Inside a busy restaurant.
Unsplash/Adam Nieścioruk

The key to success: self-efficacy, which many restaurants have.

Psychologist: Restaurants Should Trust Experience to Navigate Pandemic 

You just need to ride out the uncertainty.

Business psychologist Dr. Roger Hall, an executive coach to entrepreneurs and leaders, compares the COVID-19 pandemic to a series of experiments involving electric shock.

Results show that if you strap a person to a shock plate and tell them they will receive a shock in 15 minutes, their heart rate will increase. If you tell them they “may” receive a shock, the heart rate will increase even higher.

Why? Hall explains that it’s because uncertainty creates anxiety and fear, and the global pandemic has caused uncertainty unlike anything the world has seen in a long time.

“Certain pain creates anxiety,” Hall says. “Uncertainty about pain makes even more anxiety. What people are looking for is some sort of certainty. Hey, we know it’s going to hurt. The folks in the restaurant business, I feel bad for the quick-service restaurants because they have no more in-store dining, but at least they have drive thru. I feel very bad for the full-service dining establishments. Because from the reports I’ve been getting back, it’s essentially devastating.”

“What owners and operators want to know is, what’s going to happen?” he adds. “And as soon as we can get past a few weeks of data on the virus and get some idea of when things are going to open back up, then they’ll still have the anxiety of the certain pain, but the uncertainty will be over. I want to give them hope that yes, we know it’s going to hurt, but eventually the uncertainty will be over.”

Hall, who has a doctorate in counseling psychology from Ohio State, wants to remind others that the government-mandated shutdowns are artificial in nature, meaning prior to the pandemic, businesses and the economy were strong and demand was high. Hall also notes that while not every restaurant was experiencing solid sales and traffic prior to the pandemic, many businesses that have been open a long time were in great shape. That should give operators hope for the future.

“And there will be a transition time when people are getting back up to speed, re-hiring their employees, getting the logistics of food production, making sure supply lines are back up and running—all of that needs to get restarted,” Hall says. “So there will be some difficulty there. But if you’ve had good business before, you already know how to run a good business and you can run it again. Now it will be difficult, because you have to start it all up again, but it will be possible.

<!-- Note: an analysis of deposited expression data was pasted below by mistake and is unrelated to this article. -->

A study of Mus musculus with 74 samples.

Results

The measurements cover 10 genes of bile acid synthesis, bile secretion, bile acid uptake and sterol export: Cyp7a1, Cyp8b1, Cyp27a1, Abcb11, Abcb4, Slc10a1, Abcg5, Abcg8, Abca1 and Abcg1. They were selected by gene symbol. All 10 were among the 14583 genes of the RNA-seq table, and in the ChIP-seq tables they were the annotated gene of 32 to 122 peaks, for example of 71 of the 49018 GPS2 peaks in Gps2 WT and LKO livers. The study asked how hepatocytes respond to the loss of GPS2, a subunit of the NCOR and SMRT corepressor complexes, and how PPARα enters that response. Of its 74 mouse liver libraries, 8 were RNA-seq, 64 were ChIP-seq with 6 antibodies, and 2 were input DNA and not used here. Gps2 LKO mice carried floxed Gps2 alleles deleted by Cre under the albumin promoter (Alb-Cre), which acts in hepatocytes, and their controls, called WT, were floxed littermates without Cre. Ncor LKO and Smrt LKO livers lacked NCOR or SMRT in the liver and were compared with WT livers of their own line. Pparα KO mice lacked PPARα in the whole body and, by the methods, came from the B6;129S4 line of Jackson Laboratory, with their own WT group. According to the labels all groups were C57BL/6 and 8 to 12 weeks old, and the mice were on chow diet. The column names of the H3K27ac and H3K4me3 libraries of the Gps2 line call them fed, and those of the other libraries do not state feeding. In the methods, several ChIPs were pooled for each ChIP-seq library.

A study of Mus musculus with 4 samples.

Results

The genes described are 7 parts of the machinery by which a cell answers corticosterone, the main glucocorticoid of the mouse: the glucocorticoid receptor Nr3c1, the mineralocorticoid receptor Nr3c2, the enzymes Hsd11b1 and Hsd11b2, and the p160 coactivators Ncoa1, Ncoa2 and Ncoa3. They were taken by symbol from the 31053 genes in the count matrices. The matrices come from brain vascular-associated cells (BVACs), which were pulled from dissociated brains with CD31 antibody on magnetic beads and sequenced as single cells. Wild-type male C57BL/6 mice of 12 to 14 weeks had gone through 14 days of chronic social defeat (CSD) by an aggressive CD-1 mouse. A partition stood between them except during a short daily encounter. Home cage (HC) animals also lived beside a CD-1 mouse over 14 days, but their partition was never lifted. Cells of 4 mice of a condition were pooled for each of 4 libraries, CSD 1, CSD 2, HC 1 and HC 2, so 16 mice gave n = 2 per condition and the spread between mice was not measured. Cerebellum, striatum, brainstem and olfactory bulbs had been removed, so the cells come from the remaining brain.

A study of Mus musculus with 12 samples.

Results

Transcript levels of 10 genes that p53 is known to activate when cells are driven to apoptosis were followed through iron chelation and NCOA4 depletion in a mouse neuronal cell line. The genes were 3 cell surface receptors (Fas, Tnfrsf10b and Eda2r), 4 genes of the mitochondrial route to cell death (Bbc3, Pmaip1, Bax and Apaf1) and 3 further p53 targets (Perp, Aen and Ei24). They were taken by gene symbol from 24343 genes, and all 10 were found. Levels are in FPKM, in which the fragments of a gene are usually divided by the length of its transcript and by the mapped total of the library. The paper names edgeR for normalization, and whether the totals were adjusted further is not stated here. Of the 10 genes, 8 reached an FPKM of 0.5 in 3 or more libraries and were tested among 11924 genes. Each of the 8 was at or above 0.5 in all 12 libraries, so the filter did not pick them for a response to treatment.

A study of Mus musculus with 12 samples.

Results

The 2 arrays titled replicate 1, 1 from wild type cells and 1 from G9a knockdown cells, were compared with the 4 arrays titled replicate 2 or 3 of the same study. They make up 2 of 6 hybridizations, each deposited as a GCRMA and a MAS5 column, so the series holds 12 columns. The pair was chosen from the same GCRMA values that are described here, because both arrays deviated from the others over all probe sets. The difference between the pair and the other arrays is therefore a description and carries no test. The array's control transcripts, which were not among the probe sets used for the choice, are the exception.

“After the uncertainty is over, they can rely on their past experience to get through it.”

For those used to meeting and greeting people on a daily basis—like workers in the foodservice industry—self isolation presents an issue. A majority of the U.S. is under stay at home orders, which prevents nonessential travel. Nearly all dining rooms are closed, forcing restaurants to have limited contact with customers via takeout, delivery, and in some cases, curbside and drive thru.

“At least for the restaurant industry, in time, I believe people will want to go back to being around other people. I think that time will come and I believe restaurants and bars will be places where people do that," business psychologist Dr. Roger Hall says.

Hall says there’s evidence that handshaking, hugs, and other forms of physical touch release a hormone called oxytocin, which is the same hormone released when a mother has a baby. Essentially this means physical touch makes people feel connected.

He notes that even though people can’t meet face-to-face, society can be thankful that technology allows most individuals to connect with each other. When social distancing bans are lifted, Hall believes there will be a greater appreciation for relationships and physical touch.

“Once these travel bans and congregation bans are lifted, and people are allowed to get face-to-face with one another, shake hands, hug, people will want to do that,” Hall says. “At least for the restaurant industry, in time, I believe people will want to go back to being around other people. I think that time will come and I believe restaurants and bars will be places where people do that.”

Regarding how employers treat employees, Hall says the only thing operators can do at this point is give their best intention. If they had to lay off workers, they may say “Our best intention is to open as soon as possible and to hire people back as soon as we can.” Some employers have taken that message of support a step further by foregoing their salary, including leaders at Darden, Texas Roadhouse, and Yum! Brands.

Hall also makes the point that high self-esteem isn’t a requirement for success. The primary concept is self-efficacy, which he says successful operators have at a high level. Those with high self-efficacy are able to use their past experiences to solve problems they’re facing now.

“And that’s a very important difference,” Hall says. “… And what I know about the restaurant business, and again I don’t know a lot about it, but it strikes me as being a very difficult business. The margins are low, the food costs are variable, the labor costs are variable and so there’s so many variables to take care of and at the same time providing people hospitality. … These owners and operators have been successful in the past, they have a track record of solving difficult problems in a dynamic environment. They can figure this out once the uncertainty is over.”